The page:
Published: 02nd January 2014 10:54 PM  |   Last Updated: 02nd January 2014 10:55 PM   |  A+A-

By IANS

The countdown for the launch of India's heavy-duty rocket - the geosynchronous satellite launch vehicle (GSLV) - that would carry communication satellite GSAT-14 is set to begin Jan 4 morning, said a space agency official Thursday.

"The 29-hour countdown for the GSLV launch is expected to commence around 11.20 a.m. Saturday and the rocket is expected to blast off at 4.18 p.m. Sunday from (India's rocket port) Sriharikota (in Andhra Pradesh)," an Indian Space Research Organisation (ISRO) official told IANS over phone from Bangalore Thursday.

He did not want to be named in the report.

The space agency's Mission Readiness Review (MRR) team and the Launch Authorisation Board (LAB) has cleared the rocket launch for Jan 5. The rocket was moved to the launch pad Dec 28, 2013.

In the wake of ISRO's successful Mars mission last year, all eyes are on the space agency to see whether the GSLV, powered by its own crucial cryogenic engine, would successfully deliver its baby -communication satellite, the 1,982 kg GSAT-14 - into outer space.

ISRO was to launch this rocket last August but aborted it just hours before the deadline as the fuel started leaking from its second stage or engine.

According to the ISRO official, the second stage was replaced with a new one built with a different metal.

"We also replaced some critical components in the four strap-on motors of the first stage as a matter of precaution," said the official.

The Sunday launch will be the first mission of the GSLV after two such rockets failed in 2010.

One of the GSLV rockets was fitted with the Indian cryogenic engine and the other with a Russian engine.

The GSLV is a three-stage/engine rocket. The first stage is fired with solid fuel, the second is the liquid fuel and the third is the cryogenic engine.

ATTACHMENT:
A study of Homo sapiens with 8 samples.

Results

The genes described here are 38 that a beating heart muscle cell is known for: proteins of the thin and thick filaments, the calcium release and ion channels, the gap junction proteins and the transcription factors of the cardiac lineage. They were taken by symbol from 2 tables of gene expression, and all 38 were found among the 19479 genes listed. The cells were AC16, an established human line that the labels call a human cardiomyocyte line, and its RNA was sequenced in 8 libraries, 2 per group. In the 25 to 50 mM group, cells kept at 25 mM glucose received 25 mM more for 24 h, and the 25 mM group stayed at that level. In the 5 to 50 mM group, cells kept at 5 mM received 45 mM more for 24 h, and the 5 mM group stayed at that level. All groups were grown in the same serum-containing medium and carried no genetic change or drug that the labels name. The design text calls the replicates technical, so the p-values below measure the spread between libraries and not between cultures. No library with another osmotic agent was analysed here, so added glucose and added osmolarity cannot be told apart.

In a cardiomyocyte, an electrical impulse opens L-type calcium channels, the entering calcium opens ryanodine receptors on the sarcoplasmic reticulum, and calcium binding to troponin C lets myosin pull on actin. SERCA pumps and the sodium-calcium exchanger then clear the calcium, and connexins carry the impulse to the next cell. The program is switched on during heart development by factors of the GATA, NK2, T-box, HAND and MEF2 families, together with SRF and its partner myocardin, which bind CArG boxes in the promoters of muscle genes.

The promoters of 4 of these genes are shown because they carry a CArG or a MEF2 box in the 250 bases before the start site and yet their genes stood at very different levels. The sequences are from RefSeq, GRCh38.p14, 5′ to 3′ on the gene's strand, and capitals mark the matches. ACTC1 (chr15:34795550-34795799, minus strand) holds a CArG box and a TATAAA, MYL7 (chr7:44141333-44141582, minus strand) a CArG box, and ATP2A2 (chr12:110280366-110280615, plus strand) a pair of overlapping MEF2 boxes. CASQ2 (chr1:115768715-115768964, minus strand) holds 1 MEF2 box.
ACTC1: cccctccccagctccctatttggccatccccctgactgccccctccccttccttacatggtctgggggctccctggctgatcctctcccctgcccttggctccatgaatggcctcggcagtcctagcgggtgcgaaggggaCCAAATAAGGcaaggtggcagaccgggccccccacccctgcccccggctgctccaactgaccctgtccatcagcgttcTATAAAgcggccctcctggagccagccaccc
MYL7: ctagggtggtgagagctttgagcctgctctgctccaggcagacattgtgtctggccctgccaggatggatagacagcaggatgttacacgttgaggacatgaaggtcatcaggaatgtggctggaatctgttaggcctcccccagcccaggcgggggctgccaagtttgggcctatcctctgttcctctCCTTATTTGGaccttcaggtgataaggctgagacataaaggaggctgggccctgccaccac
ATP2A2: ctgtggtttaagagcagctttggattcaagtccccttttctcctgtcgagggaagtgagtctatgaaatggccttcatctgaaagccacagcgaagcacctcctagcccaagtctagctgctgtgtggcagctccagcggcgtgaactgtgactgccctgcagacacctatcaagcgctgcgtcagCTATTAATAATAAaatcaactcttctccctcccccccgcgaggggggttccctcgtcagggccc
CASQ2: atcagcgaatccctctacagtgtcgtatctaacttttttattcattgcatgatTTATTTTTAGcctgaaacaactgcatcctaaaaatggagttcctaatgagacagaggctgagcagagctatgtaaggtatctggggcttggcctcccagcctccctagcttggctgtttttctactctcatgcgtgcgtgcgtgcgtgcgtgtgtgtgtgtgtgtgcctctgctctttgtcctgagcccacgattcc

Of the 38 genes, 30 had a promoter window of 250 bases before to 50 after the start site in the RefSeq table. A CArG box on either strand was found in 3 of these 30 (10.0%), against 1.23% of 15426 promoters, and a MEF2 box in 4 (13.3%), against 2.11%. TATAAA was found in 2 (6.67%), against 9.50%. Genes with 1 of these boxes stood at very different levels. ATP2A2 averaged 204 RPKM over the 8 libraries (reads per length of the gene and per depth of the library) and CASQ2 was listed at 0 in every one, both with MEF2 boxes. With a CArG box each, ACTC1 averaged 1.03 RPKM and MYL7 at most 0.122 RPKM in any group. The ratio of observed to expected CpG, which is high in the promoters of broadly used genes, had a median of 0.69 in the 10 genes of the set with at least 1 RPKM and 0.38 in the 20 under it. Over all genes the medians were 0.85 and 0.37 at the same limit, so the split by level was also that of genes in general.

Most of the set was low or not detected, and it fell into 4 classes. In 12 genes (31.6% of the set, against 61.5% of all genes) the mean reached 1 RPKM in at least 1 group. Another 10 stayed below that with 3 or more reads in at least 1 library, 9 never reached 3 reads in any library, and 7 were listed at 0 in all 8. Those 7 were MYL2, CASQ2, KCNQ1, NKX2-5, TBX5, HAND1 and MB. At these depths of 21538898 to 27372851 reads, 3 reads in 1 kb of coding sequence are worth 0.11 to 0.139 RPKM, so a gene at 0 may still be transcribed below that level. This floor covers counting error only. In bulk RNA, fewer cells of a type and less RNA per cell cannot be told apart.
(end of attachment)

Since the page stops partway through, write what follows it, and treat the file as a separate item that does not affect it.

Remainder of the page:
The successful launch of this rocket is crucial for India as it will be the first step towards building rockets that can carry heavier payloads, up to four tonnes.

According to ISRO, several design changes have been incorporated into the rocket for a safe blast-off.

Design changes were made in the lower shroud/cover that protects the cryogenic engine during the atmospheric flight; wire tunnel of the cryogenic stage to withstand larger forces during the flight; and the revised aerodynamic characterisation of the entire rocket.

Others included video imaging of lower shroud movement during various flight phases; fuel booster in cryogenic engine; and ignition sequence of the cryogenic engine.

ISRO said indigenisation of many critical systems, including liquid hydrogen propellant acquisition system (to prevent possibility of outside contamination), was achieved.

It is going to be a tense 17.8 minutes wait for the ISRO scientists Sunday after the 49.13-metre tall rocket, weighing 414.75 tonnes blasts off till the GSLV safely delivers GSAT-14 to augment the Indian transponder - receivers and transmitters of signals - capacity.

When that happens, India will join a select club of spacefaring nations having the crucial cryogenic engine technology necessary to carry heavy satellites up into space.